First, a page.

There is a popular misconception that Elizabeth was at best ignored, and at worst looked upon with disfavour by her father, Henry VIII, and only achieved some level of popularity and respect at court during the reign of her brother, Edward VI. I have written previously about how Henry was actually very fond of his younger daughter, which you can read about here. One of the consequences of this misperception is that Elizabeth was powerless during her father’s reign; this isn’t necessarily an unreasonable assessment, given that she was only 13 when Henry died. However, although Elizabeth was a child, she was still a member of the royal family, and this meant that she had status and some degree of power. Patronage was an integral part of how society functioned; people would petition for favour from someone higher up the social ladder, who would then act to further the petitioner’s interests. Sometimes this could mean going through several people; a crude example would be a gentleman of the court may approach a knight, the knight approach an earl, and the earl would present the gentleman’s petition to the king. Members of the royal family, even children, even illegitimate children, were quite high up the social ladder, and were part of this system of patronage.
Not much attention is paid to the exercise of patronage by Elizabeth during her father’s reign, however, we do get a few glimpses of it. In 1545, there are two very interesting examples of Elizabeth acting as a patron.
It is important to place Elizabeth in context for these examples. In 1545, had only two years prior been restored to the line of succession, albeit fairly low down after Edward, his potential children, Mary, and his potential children. However, although the chances of her ascending to the throne seemed remote, the Third Act of Succession was a public declaration of Elizabeth’s status. At court, she was the fifth in terms of rank, after her father, Queen Catherine, and her siblings. Her age is also significant to this discussion; in 1545, Elizabeth turned 12, which was the age at which the Church considered girls to be women, legally able to marry. The potential that Elizabeth may be used to make a marital alliance with a foreign power also increased her status. All these factors meant that Elizabeth was becoming a more visible player at court, and was thus more likely to be appealed to for patronage and favour.
In January, 1545, Elizabeth acted to promote a man named John Penycote to the position of bellringer for Westminster Abbey:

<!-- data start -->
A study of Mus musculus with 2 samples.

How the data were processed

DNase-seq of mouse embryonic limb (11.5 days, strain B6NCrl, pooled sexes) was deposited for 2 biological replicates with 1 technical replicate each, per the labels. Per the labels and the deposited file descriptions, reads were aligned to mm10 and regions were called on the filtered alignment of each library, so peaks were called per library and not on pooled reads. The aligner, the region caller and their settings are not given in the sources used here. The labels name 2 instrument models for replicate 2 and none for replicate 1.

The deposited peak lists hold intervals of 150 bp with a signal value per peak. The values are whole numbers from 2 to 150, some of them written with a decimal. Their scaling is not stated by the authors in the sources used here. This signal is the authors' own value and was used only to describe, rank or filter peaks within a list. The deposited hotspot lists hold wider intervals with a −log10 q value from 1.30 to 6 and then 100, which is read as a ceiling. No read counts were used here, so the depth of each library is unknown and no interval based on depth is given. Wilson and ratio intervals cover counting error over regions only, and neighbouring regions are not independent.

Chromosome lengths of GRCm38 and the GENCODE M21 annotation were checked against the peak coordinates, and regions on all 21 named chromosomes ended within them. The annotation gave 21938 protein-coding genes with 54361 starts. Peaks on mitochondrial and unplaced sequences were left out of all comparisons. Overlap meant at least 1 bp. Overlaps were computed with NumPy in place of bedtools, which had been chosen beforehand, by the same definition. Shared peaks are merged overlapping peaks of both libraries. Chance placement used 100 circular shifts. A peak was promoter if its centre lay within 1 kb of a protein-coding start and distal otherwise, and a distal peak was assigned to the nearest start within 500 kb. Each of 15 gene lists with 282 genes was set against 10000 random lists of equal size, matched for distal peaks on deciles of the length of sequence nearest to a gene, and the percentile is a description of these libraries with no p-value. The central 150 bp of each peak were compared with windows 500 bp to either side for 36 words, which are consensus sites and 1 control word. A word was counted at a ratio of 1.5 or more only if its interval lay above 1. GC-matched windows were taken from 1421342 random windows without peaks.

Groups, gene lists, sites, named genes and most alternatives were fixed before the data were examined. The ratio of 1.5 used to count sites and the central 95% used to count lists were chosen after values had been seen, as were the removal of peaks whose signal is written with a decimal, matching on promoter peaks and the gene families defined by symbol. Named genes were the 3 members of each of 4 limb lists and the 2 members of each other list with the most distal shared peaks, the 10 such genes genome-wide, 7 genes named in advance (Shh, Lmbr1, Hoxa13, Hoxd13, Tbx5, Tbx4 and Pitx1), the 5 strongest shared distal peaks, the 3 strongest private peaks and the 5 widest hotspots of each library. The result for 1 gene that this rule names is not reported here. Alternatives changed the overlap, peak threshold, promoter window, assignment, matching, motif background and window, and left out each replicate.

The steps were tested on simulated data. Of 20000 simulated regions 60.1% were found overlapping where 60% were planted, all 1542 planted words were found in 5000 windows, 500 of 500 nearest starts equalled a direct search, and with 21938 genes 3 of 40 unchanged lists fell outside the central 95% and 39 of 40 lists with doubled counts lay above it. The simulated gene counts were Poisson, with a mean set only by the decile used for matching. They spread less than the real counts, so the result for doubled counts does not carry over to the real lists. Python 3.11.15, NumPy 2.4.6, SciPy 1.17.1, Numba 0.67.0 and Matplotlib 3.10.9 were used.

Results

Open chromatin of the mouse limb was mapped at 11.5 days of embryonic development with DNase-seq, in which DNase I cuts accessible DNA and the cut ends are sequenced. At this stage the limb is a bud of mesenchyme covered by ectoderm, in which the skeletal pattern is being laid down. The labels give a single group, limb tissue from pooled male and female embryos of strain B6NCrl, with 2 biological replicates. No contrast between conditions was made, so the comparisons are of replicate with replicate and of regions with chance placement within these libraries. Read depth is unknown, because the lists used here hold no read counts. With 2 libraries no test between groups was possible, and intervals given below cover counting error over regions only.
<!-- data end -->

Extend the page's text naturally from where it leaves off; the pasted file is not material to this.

“19o Januarii anno regni regis Henrici 8 36o. It is agreed by the dean and the chapiter that Jhon Penycote shall have thoffice and rowme of a bell rynger whiche shall happen nexte to be vacantt by deathe of any of thincumbenttes that nowe be and this is att the sute and requeste of the Lady Elizabethe, doughter to our soveraine lorde the kyng.
Signed: Benson, Redman, Leighton, J. Pekyns, H. Perkyns, Elfred, Carleton.”
(19th January in the 36th year of the reign of King Henry VIII. It is agreed by the dean and the chapter that John Penycote shall have the office and room of a bellringer, which shall happen at the next death of a current incumbent, and this is at the suit and request of the Lady Elizabeth, daughter of our sovereign lord, the King.)
We do not know who John Penycote was, nor how he came to the attention of Elizabeth. Possibly he was a former servant or clerk, or perhaps the relative of one of her attendants. It is possible that Penycote did not approach Elizabeth directly for this favour, but rather went through one of her attendants who then appealed to her on his behalf. Elizabeth would then have sent a message to the Dean of Westminster Abbey requesting that Penycote be granted the position. Clearly, Penycote was granted the lifetime appointment, and later records show that he and his wife leased a former anchorite house nearby.
In November of the same year, there is record of a royal warrant that was issued under the seal of the King to appoint one John Huddleston to a fellowship at King’s Hall, Cambridge, which would later be absorbed into the famous Trinity College. King’s Hall was a prestigious school, and many graduates went on to serve prominent positions in royal administrations. Again, little is known of Huddleston, though given that her tutors were graduates of Cambridge, it is likely that there is a connection through one of them.
The warrant notes that it was granted “at the suit of the Lady Elizabeth,” meaning that Elizabeth had directly approached her father with Huddleston’s request. This demonstrates that Elizabeth was in a position to seek and secure royal favour from the King himself, not only for herself as a daughter approaching her father, but also as a courtier on behalf of others. Even at 12 years old, Elizabeth was demonstrating the skills of a true courtier.